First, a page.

Can we ever know the truth about a person? Is it possible to know if someone is lying to us? How can we discover what lies behind the words someone tells us?

Shakespeare was fascinated with these questions. Many of his most evil characters were thought by others in the play to be sincere and truthful. In Othello, this theme has its most potent and dramatic realization in the character of Iago.

Iago fools everyone in the play into believing he's honest. No one even suspects him of treachery, until the final act when Roderigo first realizes how badly he's been fooled. In short, Iago proves that evil intentions can be masked behind a facade of honesty.

The theme emerges in other characters: Brabantio is deceived by Desdemona's reaction to Othello, assuming she fears him when she truly loves the Moor. Othello suspects that Desdemona is unfaithful, despite her innocent looks. Othello also feels he's being deceived by Cassio, whom he trusts and who appears loyal. Emilia's exterior suggests salty indifference, but she turns against her husband and dies in defence of Desdemona. Even Bianca, who is suspected of dishonesty, is ultimately seen as a sincere and caring woman. And Othello, considered a barbarian by many in the play, is gentle and noble until driven to near-madness by the cruel manipulations of his most trusted "friend."

The inability to judge true from false is a human dilemma that we have all faced. In Othello's case, the dilemma proves fatal. Shakespeare dramatizes the problem by showing the consequences of trusting someone whose mask of honesty is perfect, almost to the very last.


Everyone has known the feeling of being alienated from a group, whether it's as the new kid at school, as a member of an ethnic or religious minority, or as someone who holds an unpopular opinion.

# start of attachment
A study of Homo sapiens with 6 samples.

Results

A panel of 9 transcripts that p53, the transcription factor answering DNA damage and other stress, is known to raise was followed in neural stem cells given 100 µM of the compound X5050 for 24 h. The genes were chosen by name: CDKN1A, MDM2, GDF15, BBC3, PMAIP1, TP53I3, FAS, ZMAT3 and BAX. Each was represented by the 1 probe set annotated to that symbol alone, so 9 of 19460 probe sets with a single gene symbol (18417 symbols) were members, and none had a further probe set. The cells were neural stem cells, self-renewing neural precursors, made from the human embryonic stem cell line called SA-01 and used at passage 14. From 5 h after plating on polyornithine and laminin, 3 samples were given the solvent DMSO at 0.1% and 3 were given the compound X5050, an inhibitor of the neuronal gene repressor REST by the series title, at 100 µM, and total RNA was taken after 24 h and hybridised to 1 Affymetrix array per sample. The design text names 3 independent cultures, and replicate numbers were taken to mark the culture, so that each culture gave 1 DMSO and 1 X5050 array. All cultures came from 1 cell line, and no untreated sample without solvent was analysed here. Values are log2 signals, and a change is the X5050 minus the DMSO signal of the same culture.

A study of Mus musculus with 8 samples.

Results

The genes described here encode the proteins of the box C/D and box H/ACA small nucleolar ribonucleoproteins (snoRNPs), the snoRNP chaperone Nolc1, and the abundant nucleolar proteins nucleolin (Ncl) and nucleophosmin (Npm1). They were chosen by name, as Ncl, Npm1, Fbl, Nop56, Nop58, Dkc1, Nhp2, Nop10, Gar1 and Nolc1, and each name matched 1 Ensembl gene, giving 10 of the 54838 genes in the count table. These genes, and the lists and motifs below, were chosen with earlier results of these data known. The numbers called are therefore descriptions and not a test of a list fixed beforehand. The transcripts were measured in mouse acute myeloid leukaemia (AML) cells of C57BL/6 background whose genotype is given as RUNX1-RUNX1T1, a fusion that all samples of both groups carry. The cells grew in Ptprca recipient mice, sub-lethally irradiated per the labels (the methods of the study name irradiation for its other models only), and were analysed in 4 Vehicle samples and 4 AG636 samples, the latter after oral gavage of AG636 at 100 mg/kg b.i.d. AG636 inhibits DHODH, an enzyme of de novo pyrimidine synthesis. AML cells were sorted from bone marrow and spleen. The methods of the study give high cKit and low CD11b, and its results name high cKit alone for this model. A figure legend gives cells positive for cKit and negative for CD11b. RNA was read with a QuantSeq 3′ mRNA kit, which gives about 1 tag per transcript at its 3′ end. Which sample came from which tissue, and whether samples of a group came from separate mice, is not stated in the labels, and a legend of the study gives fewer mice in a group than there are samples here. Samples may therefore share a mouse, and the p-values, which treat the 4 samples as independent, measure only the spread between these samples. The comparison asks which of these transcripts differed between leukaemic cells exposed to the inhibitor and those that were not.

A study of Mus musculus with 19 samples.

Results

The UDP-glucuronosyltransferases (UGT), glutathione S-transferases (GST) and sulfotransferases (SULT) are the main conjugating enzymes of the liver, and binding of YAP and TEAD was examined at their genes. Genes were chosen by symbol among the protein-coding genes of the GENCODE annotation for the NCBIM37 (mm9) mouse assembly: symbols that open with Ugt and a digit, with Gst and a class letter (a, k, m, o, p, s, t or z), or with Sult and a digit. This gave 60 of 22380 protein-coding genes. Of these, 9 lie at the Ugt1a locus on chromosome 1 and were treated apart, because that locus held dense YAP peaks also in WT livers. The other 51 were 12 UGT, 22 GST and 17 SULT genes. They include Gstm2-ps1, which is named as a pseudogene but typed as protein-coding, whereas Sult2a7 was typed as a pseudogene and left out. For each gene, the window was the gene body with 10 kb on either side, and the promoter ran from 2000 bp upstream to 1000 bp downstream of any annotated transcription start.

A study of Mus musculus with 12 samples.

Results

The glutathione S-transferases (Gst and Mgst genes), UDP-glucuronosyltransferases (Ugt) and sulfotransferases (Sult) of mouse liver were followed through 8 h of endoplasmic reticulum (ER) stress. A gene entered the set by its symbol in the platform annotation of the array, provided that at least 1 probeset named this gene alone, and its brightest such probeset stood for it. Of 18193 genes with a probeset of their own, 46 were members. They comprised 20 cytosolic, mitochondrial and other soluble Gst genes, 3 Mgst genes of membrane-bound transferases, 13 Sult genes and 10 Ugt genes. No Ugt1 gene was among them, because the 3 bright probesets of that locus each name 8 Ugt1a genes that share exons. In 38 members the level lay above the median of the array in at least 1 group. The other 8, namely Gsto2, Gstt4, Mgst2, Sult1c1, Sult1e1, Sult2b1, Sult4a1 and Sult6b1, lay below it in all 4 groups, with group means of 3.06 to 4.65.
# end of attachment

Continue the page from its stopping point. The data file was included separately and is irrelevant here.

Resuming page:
Shakespeare points that problem in Othello by making his hero an outsider, one who doesn't quite belong in the society in which he lives. From the very beginning, when he's held in suspicion by a man who accuses him of seducing his daughter with mysterious charms, Othello stands apart from everyone else. As a man of another race and from another country, much of the conflict he faces is due to the reigning opinion that he doesn't quite belong.

Othello's sensitivity to the issue becomes clear when Iago uses it as proof that Desdemona couldn't be faithful to a man so foreign-such a match is "unnatural," he says. Othello's self-confidence, once so strong, is easily eroded by Iago's ability to convince him that he's inferior to the men of Venice. Shakespeare dramatizes through Othello the tragedy of a man whose insecurities about his background, fed by public opinion, weaken his defenses and allow his worst instincts to take over.


Othello represents how jealousy, particularly sexual jealousy, is one of the most corrupting and destructive of emotions. It is jealousy (fed by his innate sense of evil) that prompts Iago to plot Othello's downfall; jealousy, too, is the tool that Iago uses to arouse Othello's passions. Roderigo and Bianca demonstrate jealousy at various times in the play, and Emilia demonstrates that she too knows the emotion well. Only Desdemona and Cassio, the true innocents of the story, seem beyond its clutches.

Shakespeare used the theme in other plays, but nowhere else is it portrayed as quite the "green-eyed" monster it is in this play. Since it is an emotion that everyone shares, we watch its destructive influence on the characters with sympathy and horror.